Chu Teh-Chun, born in 1920 in Baitu Zhen in the Xian of Xiao, China, grew up in a family of doctors and collectors of Japanese calligraphy and painting. At 15 years old, he joined the National School of Fine Arts in Hangzhou. He used his free time to explore the traditional Chinese style and created more than 500 watercolours of the West's lake. However, his school did not suggest traditional Chinese art's classes, thus he had to study western's painting.Read More
During the Sino-Japanese War, Chu The-Chun was appointed professor at Nanjing University. In 1942, he became a full professor.
In 1950, he became professor at the Industrial School, in the architectural department, in Taipei, Taiwan.
In 1951, he became a faculty member in National Taiwan Normal University where he would teach western painting.
In 1955, the painter and his wife, Tung Chi-Chao, embarked on a trip to Europe. They fell in love with Paris and decided to settle there.
As lyrical abstraction's patriarch, especially in abstract landscaping, Chu Teh-Chun notoriety dawned in France at the end of the 1950s.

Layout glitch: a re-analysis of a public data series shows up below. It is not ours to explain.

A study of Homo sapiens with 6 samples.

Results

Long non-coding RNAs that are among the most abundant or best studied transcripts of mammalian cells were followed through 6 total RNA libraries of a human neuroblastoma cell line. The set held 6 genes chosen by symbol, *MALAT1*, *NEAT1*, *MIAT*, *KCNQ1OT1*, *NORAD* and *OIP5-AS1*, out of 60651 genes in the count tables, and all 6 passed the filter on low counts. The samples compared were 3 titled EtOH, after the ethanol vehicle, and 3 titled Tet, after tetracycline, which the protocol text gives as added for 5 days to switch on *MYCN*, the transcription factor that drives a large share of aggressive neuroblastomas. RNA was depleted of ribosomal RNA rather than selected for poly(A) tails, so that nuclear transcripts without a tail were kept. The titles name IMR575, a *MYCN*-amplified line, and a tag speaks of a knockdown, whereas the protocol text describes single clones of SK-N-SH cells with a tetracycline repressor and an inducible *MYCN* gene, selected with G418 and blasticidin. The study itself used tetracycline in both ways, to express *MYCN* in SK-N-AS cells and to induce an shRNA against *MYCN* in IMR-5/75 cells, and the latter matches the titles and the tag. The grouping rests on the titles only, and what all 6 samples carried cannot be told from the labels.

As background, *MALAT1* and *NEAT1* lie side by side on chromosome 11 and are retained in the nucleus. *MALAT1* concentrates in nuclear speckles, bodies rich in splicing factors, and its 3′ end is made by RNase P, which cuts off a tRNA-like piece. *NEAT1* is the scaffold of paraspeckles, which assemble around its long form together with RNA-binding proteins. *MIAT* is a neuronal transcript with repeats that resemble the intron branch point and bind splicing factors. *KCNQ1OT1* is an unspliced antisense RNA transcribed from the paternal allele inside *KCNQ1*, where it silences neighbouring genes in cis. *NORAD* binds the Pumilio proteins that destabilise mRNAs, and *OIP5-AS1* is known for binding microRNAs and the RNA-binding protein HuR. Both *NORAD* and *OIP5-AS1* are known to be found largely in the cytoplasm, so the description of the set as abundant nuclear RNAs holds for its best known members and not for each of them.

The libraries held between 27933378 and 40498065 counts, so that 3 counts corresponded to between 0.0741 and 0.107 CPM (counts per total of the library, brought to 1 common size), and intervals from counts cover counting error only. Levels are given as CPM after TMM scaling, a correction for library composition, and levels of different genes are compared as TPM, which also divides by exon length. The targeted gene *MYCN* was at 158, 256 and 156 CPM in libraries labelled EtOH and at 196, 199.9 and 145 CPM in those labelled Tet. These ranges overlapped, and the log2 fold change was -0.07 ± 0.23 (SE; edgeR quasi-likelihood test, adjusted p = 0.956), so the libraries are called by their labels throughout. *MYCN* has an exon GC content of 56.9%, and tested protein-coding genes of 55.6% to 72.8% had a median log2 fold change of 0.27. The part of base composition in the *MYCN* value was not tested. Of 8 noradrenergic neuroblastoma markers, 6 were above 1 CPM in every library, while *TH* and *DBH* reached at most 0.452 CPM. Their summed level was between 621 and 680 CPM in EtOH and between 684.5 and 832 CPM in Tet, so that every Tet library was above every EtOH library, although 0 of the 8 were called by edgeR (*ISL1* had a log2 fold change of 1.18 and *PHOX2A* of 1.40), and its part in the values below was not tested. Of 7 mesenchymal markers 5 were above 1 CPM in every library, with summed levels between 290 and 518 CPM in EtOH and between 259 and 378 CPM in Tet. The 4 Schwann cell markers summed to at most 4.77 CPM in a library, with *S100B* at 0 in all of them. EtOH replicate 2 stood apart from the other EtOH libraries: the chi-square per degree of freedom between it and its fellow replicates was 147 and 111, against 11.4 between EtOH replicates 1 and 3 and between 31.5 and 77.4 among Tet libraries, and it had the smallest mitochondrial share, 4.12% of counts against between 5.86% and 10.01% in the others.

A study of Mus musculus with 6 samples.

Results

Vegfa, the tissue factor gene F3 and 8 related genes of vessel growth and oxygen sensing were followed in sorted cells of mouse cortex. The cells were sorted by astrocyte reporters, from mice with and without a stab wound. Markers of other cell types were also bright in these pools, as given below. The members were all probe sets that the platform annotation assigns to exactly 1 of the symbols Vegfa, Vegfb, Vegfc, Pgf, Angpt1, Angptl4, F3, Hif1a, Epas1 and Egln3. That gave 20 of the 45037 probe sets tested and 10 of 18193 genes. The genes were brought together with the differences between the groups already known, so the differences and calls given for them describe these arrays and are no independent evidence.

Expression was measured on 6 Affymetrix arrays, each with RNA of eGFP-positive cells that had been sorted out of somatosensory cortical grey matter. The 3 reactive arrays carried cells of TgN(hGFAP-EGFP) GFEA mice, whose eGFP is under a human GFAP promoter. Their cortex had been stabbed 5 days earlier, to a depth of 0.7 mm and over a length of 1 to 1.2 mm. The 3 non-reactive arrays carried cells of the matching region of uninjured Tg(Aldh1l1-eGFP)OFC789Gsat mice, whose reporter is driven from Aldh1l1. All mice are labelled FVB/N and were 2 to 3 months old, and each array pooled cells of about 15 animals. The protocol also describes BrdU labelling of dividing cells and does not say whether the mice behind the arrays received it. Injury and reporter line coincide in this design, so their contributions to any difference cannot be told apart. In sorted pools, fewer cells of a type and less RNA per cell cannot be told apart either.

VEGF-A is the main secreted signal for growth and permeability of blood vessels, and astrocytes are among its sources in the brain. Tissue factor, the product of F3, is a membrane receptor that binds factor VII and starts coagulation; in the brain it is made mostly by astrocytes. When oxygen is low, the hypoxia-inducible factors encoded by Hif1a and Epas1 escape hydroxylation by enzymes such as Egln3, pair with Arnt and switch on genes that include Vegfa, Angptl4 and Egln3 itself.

In 1964, his success kept extending itself with the Carnegie exhibition at the Pittsburg's, Jerusalem's and Athens' Museum of Arts. He also contributed to the Sao Paulo Art Biennial in 1969.
In the middle of the 1970s, he reconnected with Japanese calligraphy, his childhood dedication. In 1983, he was chosen to participate in the board of Hong Kong's university. Thanks to it, he would be able to travel to Beijing where he would be invited to join the Chinese Artists Union. In his honour, the National History Museum of Taiwan organised his first retrospective exhibition.
In 1997, he was elected to be a member of the Académie des Beaux-Arts, in the painting section.
The French Artistic Action Association (AFAA) at the Beaux-Arts Museum of Beijing, Honk Kong, Kaohsiung and Taipei organised another retrospective from 1997 to 1998.
In 2002, he realised La Symphonie Festive for Shanghai's opera; the artwork was exposed in the opera's hall.
Between 2006 and 2008, he began a new journey with the Sèvres national manufacture where he would discover a new material: ceramics. He would fuse cultures with white Chinese porcelain base, Persian cobalt blue and traditional European gold with the additional of Song Dynasty patterns. He created 56 vases named De neige, d'or et d'azur at the Guimet Museum in September 2009.
Chu Teh-Chun died in March 2014 in Paris, France.
Text courtesy Helene Bailly Gallery.